Monday 23 October 2017

Man convicted of murdering two Poles wants Supreme Court to hear a new appeal

A MAN convicted of murdering two Polish men wants the Supreme Court to hear a new appeal by him because he says his case raises issues of public importance.









David Curran (21), Lissadell Green, Drimnagh, Dublin, was jailed for life in 2010, for murdering mechanics Pawel Kalite (29) and Marius Szwajkos (27) by stabbing them in the head with a screwdriver outside their home on Benbulben Road, Drimnagh on February 23, 2008.



At the original trial, the defence contended Curran stabbed the two men having "lost control" and succumbed to a "mad rage" when the two victims shouted and moved towards him from the door of their house.



He appealed his conviction for the double murder and last December the Court of Criminal Appeal (CCA) dismissed his case saying Curran was already engaged on a trail of destructive activity before his encounter with the two Polish men.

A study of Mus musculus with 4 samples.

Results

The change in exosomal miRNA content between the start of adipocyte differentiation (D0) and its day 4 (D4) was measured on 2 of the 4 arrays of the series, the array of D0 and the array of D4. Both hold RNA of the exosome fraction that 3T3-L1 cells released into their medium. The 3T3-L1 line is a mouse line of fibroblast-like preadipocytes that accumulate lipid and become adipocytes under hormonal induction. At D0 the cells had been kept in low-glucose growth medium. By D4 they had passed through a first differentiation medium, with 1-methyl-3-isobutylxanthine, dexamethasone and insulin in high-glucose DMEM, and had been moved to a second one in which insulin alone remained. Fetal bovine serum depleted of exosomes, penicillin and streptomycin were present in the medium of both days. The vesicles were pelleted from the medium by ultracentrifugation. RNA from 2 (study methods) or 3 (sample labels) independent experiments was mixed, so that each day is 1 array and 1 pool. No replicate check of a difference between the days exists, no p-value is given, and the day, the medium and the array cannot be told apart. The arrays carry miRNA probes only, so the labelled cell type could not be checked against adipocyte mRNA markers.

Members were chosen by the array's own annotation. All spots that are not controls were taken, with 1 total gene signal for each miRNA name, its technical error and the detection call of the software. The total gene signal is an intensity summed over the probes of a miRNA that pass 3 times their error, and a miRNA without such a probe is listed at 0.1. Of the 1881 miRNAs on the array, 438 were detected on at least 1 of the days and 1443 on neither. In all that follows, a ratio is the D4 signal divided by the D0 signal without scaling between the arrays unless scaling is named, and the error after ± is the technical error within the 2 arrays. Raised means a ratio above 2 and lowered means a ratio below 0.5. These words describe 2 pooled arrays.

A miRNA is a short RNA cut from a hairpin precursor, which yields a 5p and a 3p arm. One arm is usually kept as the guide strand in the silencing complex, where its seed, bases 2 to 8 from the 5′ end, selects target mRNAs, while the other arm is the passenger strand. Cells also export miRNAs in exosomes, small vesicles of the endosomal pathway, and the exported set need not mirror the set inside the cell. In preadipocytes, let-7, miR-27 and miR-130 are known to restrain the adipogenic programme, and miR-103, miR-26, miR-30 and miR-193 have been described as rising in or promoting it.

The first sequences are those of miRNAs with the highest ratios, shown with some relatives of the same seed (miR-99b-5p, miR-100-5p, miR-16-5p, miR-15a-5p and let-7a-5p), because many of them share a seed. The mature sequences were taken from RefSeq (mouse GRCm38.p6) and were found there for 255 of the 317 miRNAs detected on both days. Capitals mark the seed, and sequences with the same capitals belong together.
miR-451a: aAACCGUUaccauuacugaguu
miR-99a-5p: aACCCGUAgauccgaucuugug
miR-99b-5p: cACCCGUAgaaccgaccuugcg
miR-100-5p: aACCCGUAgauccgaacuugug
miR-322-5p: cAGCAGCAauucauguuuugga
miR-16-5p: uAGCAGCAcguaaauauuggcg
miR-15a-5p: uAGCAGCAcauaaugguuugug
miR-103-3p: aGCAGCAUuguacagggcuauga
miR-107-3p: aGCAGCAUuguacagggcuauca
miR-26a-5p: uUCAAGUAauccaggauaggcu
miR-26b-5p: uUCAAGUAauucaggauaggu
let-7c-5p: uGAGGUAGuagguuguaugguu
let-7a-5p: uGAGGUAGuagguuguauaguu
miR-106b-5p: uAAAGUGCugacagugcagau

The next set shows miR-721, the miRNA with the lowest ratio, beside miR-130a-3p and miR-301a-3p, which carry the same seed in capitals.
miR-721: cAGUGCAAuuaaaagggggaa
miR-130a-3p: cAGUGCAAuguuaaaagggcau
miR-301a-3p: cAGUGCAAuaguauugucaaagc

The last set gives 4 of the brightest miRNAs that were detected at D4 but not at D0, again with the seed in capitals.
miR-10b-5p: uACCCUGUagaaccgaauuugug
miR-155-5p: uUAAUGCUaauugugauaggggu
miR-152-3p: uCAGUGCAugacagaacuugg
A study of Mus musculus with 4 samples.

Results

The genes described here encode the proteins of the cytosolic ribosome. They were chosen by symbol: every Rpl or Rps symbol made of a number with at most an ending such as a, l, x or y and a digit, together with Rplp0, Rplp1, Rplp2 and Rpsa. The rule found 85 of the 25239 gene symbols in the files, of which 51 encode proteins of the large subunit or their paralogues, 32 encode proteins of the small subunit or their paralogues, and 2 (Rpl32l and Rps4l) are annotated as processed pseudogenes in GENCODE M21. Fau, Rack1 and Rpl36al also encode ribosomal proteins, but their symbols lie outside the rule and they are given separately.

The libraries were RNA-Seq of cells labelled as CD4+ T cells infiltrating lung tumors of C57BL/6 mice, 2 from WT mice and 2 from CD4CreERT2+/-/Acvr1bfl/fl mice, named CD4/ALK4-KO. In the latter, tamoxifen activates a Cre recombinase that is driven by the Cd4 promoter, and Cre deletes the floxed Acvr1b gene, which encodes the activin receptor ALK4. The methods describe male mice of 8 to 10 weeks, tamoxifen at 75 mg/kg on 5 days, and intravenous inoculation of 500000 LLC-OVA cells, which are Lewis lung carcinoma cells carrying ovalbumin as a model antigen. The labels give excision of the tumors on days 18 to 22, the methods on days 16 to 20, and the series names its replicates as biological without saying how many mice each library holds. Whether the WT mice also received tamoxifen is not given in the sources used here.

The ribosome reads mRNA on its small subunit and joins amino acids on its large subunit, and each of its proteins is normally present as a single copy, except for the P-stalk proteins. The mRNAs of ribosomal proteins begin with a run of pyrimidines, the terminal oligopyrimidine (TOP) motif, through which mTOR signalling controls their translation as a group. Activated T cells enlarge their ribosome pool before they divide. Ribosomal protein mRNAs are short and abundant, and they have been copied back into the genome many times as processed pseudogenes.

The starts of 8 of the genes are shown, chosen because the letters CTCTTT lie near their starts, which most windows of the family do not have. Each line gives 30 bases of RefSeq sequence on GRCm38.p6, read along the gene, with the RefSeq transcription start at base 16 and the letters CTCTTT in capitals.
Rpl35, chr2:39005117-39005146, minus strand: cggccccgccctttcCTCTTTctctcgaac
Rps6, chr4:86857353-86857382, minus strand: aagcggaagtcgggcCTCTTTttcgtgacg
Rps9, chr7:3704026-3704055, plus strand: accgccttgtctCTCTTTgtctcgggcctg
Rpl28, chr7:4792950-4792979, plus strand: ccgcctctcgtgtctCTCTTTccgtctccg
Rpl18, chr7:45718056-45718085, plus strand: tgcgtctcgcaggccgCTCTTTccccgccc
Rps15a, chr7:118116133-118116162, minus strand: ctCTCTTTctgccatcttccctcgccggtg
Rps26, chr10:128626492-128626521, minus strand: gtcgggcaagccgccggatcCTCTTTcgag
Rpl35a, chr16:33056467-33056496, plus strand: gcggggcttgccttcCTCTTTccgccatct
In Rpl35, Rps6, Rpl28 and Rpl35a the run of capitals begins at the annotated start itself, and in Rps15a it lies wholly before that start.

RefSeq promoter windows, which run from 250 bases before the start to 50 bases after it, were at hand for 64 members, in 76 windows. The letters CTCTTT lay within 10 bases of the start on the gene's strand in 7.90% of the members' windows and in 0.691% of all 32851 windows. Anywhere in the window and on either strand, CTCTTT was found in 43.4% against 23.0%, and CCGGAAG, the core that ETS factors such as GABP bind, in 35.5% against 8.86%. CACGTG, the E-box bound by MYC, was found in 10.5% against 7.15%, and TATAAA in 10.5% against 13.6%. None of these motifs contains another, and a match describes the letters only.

The CCA found everything pointed to the accused being in a drink and drug fuelled violent rage which indicated aggression and revenge rather than provocation.



Today he brought a new application to the CCA, under Section 29 of the Courts of Justice Act 1924, asking for his case to be referred to the Supreme Court on points of law of exceptional public importance.



His lawyer argued the CCA's decision in December raised a number of issues that were of fundamental importance that should be considered by the Supreme Court.



They included whether a direction to a jury by the trial judge that is is not necessary to reach any level of certainty, either mathematically or morally, amounts to a misdirection.



They also included whether, in a criminal trial, it is necessary to inform members of the jury that while they must strive to reach a verdict, no members should subscribe to a verdict with which they do not truly agree.



The State opposed the new application and said no point of public importance had been raised.



The CCA reserved its decision yesterday.